There is the following text in the movie "Der Parfumeur":

Eine unsichtbare Wand trennte mich von allem. Erst für dich setzte ich alles aufs Spiel, um die Wand einzureißen.

It's my understanding "einreißen" means "tear down" here. Would "herunterreißen" mean the same here? It'd seem more intuitive to me, as the speaker is bringing the wall down and not inside anything. I might be trying to see sense in those verb prefixes when there is none.

If there is a difference between both verbs in this context, could someone please share it with me?


3 Answers 3


With a wall, "einreißen" or "abreißen" or maybe "abbrechen" would work. The idea of "einreißen" implies that the wall is destroyed to such extent, that we can easily walk to the other side through the gap. The "ab-" verbs assume that the wall disappears completely. If it's not a wall inside a room (where you have a ceiling), but an outside one (for instance, the former Berlin wall), "niederreißen" would also work.

"herunterreißen" implies that some large structure is attached to a upper place of the wall and we want to remove it by force. Think of an air conditioner system fixed into the wall in a way that you can't just turn some screws to remove it, but have to use destructive force.


No, "herunterreißen" would usually mean that something (e.g. a poster) is torn down, but the wall remains standing.

  • 2
    So the answer would be 'YES' as there is a difference between both words, as 'Mauer' and 'herunterreißen' cannot be used together.
    – Jens
    Jan 11 at 10:22

You probably know already that words in German can be put together - German is for languages what Lego is for toys.

"reißen" means "to rip" or "to yank" and any composite with "reißen" reflects that: einreißen (to tear down, for walls), abreißen (to rip off, also to tear down, but for buildings), auseinanderreißen and zerreißen (to rip to pieces, to rip/tear apart), zurückreißen (to yank back), and so on.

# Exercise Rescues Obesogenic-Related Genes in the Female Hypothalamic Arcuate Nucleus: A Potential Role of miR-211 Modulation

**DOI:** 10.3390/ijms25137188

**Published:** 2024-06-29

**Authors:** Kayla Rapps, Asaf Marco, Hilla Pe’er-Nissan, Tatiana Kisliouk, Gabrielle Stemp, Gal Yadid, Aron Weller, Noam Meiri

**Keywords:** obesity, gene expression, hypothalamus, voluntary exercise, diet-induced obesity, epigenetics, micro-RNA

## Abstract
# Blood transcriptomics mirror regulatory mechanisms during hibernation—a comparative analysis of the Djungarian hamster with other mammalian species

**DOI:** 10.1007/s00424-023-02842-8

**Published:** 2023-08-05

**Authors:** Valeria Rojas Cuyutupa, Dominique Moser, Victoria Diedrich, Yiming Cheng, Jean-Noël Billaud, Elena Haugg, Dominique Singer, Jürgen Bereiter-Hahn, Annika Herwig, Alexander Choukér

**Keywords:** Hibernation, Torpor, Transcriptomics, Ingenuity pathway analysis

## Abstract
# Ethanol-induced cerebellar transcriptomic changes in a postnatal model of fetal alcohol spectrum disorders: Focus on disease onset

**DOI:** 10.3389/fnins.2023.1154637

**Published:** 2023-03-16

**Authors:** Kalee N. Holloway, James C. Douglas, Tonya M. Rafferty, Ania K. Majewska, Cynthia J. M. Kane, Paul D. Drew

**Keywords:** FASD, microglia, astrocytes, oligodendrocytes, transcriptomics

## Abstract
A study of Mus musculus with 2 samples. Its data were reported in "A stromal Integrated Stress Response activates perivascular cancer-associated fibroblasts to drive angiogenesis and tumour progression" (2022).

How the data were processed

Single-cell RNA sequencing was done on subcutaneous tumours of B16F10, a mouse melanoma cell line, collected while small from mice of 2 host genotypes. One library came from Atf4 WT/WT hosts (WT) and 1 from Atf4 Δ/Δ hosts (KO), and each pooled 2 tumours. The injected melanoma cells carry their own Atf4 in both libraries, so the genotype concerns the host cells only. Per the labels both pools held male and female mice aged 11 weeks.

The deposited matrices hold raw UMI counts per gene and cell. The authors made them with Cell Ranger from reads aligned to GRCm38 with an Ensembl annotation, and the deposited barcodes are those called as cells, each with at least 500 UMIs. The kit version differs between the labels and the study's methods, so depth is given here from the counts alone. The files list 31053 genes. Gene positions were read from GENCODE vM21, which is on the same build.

"herunter", on the other hand, means "down" or "downwards" with the connotation of "in the direction towards the observer" (away from the observer would be "hinunter").

From this alone one can conclude that "herunterreißen" is a valid word, but not for tearing down walls or buildings. You can use it for not taking but ripping off e.g. pictures from a wall or for removing wallpaper (that also requires some force). "Reißen" always includes an element of force and "herunter" is a movement towards you. (Corollary: "hinunterreißen" exists too and is something a waterfall does when it takes something down with it - it "yanks it downwards", away from you.)

Alternatives for "einreißen" - tearing down walls - are "durchbrechen" (not necessarily removing the whole wall but maybe just create a door or window in it), niederreißen (works for both buildings and walls) and - for larger structures like city walls, but also for buildings - "schleifen". Notice that there are two words "schleifen": schleifen-schliff-geschliffen, which means to sharpen and schleifen-schleifte-geschleift, which, depending on context, means either to drag or to tear down a building or wall.